Most people with heart disease consume too much salt
People with heart disease, who could benefit the most from a low-sodium diet, often consume more than double the recommended daily amount. (CREDIT: iStock Photos)


A recent study presented at the American College of Cardiology’s Annual Scientific Session reveals that individuals with heart disease, who could benefit the most from a low-sodium diet, often consume more than double the recommended daily sodium intake.


Sodium, while essential, can pose health risks when consumed excessively, including elevated blood pressure, which strains blood vessels and the heart. Excess sodium can also lead to fluid retention, worsening conditions like heart failure.


 
 

Table Salt Consumption


The U.S. Dietary Guidelines suggest limiting sodium intake to less than 2,300 mg/day for most adults, equivalent to about a teaspoon of table salt. However, individuals with cardiovascular diseases are advised to further restrict their intake to 1,500 mg/day.


Most sodium consumed foods come from processed and restaurant foods

This study examined data from over 3,100 people diagnosed with heart disease, revealing that 89% consumed more than the recommended maximum of 1,500 mg of sodium daily, with an average intake of over twice that amount.


 
 

Researchers emphasize that reducing sodium intake is crucial for preventing major adverse cardiovascular events. Lead author Dr. Elsie Kodjoe, an internal medicine resident at Piedmont Athens Regional Hospital, highlights the difficulty individuals face in adhering to low-sodium diets, even with the aid of food labels.


The study analyzed participants diagnosed with heart-related conditions such as heart attack, stroke, heart failure, coronary artery disease, or angina, using data from the National Health and Nutrition Examination Survey (NHANES) spanning 2009–2018.


 



Dr. Kodjoe notes the challenge of reducing sodium intake among individuals with heart disease compared to the general population.


 
 

She suggests practical solutions such as clearer food labeling and reducing sodium content in processed foods. Socioeconomic status did not significantly affect sodium intake, indicating a universal challenge in adhering to dietary guidelines.


Top 10 sources of sodium in people's diet
Top 10 sources of sodium. (CREDIT: National Center for Chronic Disease Prevention and Health Promotion, Division for Heart Disease and Stroke Prevention)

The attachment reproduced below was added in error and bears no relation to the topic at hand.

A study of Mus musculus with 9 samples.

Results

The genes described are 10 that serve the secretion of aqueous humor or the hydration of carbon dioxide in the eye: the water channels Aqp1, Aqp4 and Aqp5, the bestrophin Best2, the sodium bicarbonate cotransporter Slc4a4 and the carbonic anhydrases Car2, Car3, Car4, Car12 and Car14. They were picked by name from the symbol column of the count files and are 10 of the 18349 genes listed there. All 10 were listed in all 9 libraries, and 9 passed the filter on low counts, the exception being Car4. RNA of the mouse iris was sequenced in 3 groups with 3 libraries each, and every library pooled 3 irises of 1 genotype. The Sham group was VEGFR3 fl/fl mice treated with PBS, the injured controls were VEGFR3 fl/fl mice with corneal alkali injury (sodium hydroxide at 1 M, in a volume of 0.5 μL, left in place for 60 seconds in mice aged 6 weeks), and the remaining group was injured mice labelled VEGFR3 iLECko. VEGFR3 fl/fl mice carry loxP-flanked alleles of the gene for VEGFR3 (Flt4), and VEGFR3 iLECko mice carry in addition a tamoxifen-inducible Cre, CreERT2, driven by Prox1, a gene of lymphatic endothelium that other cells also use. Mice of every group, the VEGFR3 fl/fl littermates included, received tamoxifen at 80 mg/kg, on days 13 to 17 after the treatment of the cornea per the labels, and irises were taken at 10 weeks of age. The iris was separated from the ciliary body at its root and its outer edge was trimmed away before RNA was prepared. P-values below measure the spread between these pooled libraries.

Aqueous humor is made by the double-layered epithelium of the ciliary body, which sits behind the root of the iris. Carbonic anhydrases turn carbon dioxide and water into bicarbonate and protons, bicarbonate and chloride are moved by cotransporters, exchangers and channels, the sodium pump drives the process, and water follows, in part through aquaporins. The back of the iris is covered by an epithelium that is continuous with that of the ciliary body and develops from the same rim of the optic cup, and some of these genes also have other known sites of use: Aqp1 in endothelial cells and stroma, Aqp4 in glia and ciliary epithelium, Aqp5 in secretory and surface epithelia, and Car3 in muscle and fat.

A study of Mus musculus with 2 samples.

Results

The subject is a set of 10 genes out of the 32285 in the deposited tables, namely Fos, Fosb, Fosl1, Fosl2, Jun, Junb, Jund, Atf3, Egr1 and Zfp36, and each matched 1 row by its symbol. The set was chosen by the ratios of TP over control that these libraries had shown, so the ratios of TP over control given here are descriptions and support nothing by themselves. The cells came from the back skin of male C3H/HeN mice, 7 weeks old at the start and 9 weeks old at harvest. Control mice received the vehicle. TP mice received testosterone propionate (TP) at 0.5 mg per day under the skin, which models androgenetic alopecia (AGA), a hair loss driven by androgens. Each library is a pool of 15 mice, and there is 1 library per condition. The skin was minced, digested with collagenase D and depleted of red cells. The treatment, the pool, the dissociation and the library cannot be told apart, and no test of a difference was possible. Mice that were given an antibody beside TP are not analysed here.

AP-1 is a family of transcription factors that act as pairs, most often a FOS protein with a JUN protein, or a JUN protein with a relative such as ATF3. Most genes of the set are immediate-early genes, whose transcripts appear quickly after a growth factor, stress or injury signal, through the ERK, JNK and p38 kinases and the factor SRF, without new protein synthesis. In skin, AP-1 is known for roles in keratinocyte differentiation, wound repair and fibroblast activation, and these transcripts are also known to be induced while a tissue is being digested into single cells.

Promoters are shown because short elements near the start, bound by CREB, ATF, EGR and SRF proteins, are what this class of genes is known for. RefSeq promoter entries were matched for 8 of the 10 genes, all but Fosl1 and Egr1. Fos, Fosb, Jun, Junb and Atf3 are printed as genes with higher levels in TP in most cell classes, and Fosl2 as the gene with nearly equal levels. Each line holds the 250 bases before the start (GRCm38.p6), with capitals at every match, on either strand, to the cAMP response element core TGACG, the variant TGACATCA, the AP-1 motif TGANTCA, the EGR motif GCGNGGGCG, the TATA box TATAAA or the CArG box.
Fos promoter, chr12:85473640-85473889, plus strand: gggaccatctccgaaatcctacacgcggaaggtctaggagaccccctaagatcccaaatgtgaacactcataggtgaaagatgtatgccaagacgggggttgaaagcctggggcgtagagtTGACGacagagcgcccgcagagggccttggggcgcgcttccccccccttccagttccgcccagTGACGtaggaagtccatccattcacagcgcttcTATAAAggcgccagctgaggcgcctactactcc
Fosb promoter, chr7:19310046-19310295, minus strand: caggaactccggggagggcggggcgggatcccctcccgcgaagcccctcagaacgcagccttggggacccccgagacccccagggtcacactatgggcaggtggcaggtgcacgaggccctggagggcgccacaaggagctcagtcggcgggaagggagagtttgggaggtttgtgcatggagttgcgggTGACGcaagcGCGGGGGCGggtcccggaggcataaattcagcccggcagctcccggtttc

To lower sodium intake, individuals are encouraged to prepare meals at home and scrutinize food labels, targeting items with less than 140 mg of sodium per serving. Increasing awareness of the benefits of sodium restriction could also boost adherence to guidelines, ultimately reducing cardiovascular disease-related hospitalizations and costs.


 
 

While the study relied on dietary recall questionnaires rather than gold-standard 24-hour urine sodium measurements, future studies using more accurate methods could provide further insights.


Sodium levels in some popular foods
Sodium levels in some popular foods. (CREDIT: Cardiosmart / American College of Physicians)


NHANES has started incorporating urine sodium measurements, offering potential for more precise assessments of sodium intake among individuals with heart disease.


 
 

High sodium intake and other health conditions


Excessive sodium intake has also been linked to other conditions, such as:


  • heart failure

  • kidney problems and kidney stones

  • oedema (fluid retention)

  • stroke

  • stomach cancer

  • left ventricular hypertrophy (thickening of heart muscle)

  • osteoporosis.


A high level of salt intake increases the amount of calcium excreted in the urine, which may also contribute to osteoporosis and increased risk of fracture.


 
 

The balance of sodium and water in the body can also be disrupted if there is not enough water. This may be caused by a damaged thirst mechanism or by limited access to water. Hypernatremia is a very serious condition that occurs when your sodium blood levels rise above 145 milliequivalents per litre (mEq/L). It can lead to death. A major symptom is thirst and treatment usually involves controlled water replacement.






For more science news stories check out our New Discoveries section at The Brighter Side of News.


 

Note: Materials provided above by The Brighter Side of News. Content may be edited for style and length.